Here's what to know about the most popular diet trends this year:
The Ketogenic Diet
The high-fat, low-carb keto diet is responsible for some impressive weight loss transformations, but is also notoriously difficult to follow.
The main premise is that by greatly lowering carb intake, you'll force your body into a state of ketosis, which means it burns fat instead of carbohydrates for energy. Only about 10 percent of your daily calories will come from carbs, while roughly 80 percent comes from fat, like avocado, nuts, and oil. Obviously, this means bread is out, many starchy vegetables, oats, and fruit are also off limits. It's so restrictive that many dietitians generally advise against following the plan and instead finding something thats more sustainable long-term.
The Paleo Diet
This popular diet shares similarities to keto, but the "caveman diet" is actually different in many ways . Proponents of paleo say that eliminating gluten and consuming plenty of veggies can reduce inflammation in your body. Inflammation has linked to diseases like cancer, diabetes, and arthritis, and certain processed foods , like soda and refined carbohydrates, have been linked to an increase in inflammation.
Developed as an elimination diet to help people figure out how foods impact them physically and mentally, the main premise is to eat nothing but veggies, fruit, nuts and meat for 30 days. That means no quinoa, oats, yogurt, added sugar , like honey, or alcohol. At the end of the 30 days, advocates claim you'll feel transformed. But is it doctor recommended?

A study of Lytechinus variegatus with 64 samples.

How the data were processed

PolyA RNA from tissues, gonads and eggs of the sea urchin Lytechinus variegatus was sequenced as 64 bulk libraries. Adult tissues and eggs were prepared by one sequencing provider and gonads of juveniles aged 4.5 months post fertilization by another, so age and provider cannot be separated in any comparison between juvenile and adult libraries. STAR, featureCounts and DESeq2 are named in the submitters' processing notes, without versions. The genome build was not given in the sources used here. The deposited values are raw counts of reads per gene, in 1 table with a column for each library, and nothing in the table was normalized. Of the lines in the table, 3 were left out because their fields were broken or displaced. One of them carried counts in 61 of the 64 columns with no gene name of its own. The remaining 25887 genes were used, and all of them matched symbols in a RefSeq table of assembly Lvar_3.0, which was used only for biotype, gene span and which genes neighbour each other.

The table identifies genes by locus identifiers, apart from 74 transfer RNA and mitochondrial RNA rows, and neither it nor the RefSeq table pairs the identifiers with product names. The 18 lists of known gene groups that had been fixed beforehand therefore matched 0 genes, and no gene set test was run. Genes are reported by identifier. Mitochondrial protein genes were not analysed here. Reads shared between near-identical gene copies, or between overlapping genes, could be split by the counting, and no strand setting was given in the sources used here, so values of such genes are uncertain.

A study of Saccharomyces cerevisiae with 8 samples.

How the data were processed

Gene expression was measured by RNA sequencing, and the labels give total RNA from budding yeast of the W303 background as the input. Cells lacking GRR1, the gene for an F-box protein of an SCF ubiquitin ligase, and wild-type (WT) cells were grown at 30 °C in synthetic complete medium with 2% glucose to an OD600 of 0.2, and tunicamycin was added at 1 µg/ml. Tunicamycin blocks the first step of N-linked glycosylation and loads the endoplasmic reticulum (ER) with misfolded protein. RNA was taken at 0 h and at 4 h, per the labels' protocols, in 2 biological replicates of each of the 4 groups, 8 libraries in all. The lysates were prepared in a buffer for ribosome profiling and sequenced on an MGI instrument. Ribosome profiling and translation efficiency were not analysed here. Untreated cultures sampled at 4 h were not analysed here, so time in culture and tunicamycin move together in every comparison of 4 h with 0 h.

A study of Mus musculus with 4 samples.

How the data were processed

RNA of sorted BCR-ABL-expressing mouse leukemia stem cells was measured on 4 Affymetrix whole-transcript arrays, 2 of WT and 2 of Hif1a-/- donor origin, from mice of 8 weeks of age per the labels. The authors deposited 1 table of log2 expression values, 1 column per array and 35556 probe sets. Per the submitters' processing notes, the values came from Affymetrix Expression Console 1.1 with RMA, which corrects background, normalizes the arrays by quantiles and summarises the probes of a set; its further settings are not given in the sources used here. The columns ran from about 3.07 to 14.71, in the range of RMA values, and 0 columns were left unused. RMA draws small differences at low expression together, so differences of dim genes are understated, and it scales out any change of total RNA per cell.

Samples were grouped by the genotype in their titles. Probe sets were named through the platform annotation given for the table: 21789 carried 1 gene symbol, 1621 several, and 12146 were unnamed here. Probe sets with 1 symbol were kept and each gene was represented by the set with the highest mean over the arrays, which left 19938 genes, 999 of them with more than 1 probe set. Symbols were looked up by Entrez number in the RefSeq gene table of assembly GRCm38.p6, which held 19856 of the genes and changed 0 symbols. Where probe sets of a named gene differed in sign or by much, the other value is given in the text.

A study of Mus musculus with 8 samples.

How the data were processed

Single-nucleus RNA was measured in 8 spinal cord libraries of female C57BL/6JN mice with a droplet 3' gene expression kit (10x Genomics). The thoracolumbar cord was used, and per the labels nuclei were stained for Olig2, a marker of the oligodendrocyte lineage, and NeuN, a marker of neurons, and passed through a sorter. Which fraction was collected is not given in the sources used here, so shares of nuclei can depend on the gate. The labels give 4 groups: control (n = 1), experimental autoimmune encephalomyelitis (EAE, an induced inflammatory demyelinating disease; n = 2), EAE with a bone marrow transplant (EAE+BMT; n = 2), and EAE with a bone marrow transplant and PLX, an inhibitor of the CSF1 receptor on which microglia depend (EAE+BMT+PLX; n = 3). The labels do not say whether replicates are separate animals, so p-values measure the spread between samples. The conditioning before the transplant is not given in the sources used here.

This doctor-backed diet was developed to prevent and lower high blood pressure, hence its name: Dietary Approach to Stop Hypertension (DASH). The plan is heart healthy and may help you lose weight and lower heart disease, risk too. And the best thing about it is that there are no crazy rules, according to Jennifer Koslo, R.D.
"No food groups are eliminated," she tells Men's Health. "Its just a very healthy diet overall."
This diet gets a lot of hype, and some of he praise was called into question last June when the New England Journal of Medicine retracted a major 2013 study that claimed the Mediterranean diet reduced the risk of heart attack and stroke. That's because the 2013 research did not meet the standards of a randomized, control trial, so there wasn't enough evidence to support the study. However, that doesn't mean this diet isn't still worth following. Learn why it's still one of the healthiest overall plans.
Of course, you have to figure out another hurdle after picking the best diet for you: cooking. Depending on your level of comfort in the kitchen that can add yet other frustration to those you're already undergoing from all the changes these diets require.
Don't sweat. We have your back. And your gut, and your biceps, and your general health and well-being too. We've done all the heavy lifting to decode the trendiest diets and figure out the health benefits.
Sort through the options below to determine which popular eating strategies may help you make the transformation you want. We've also included easy meal plans, recipes, and shopping guides to help ease the transition.
Realize that you don't want to try any of these diets? That's fine too. There are plenty of smart lessons to take away from each plan even if you never end up following them.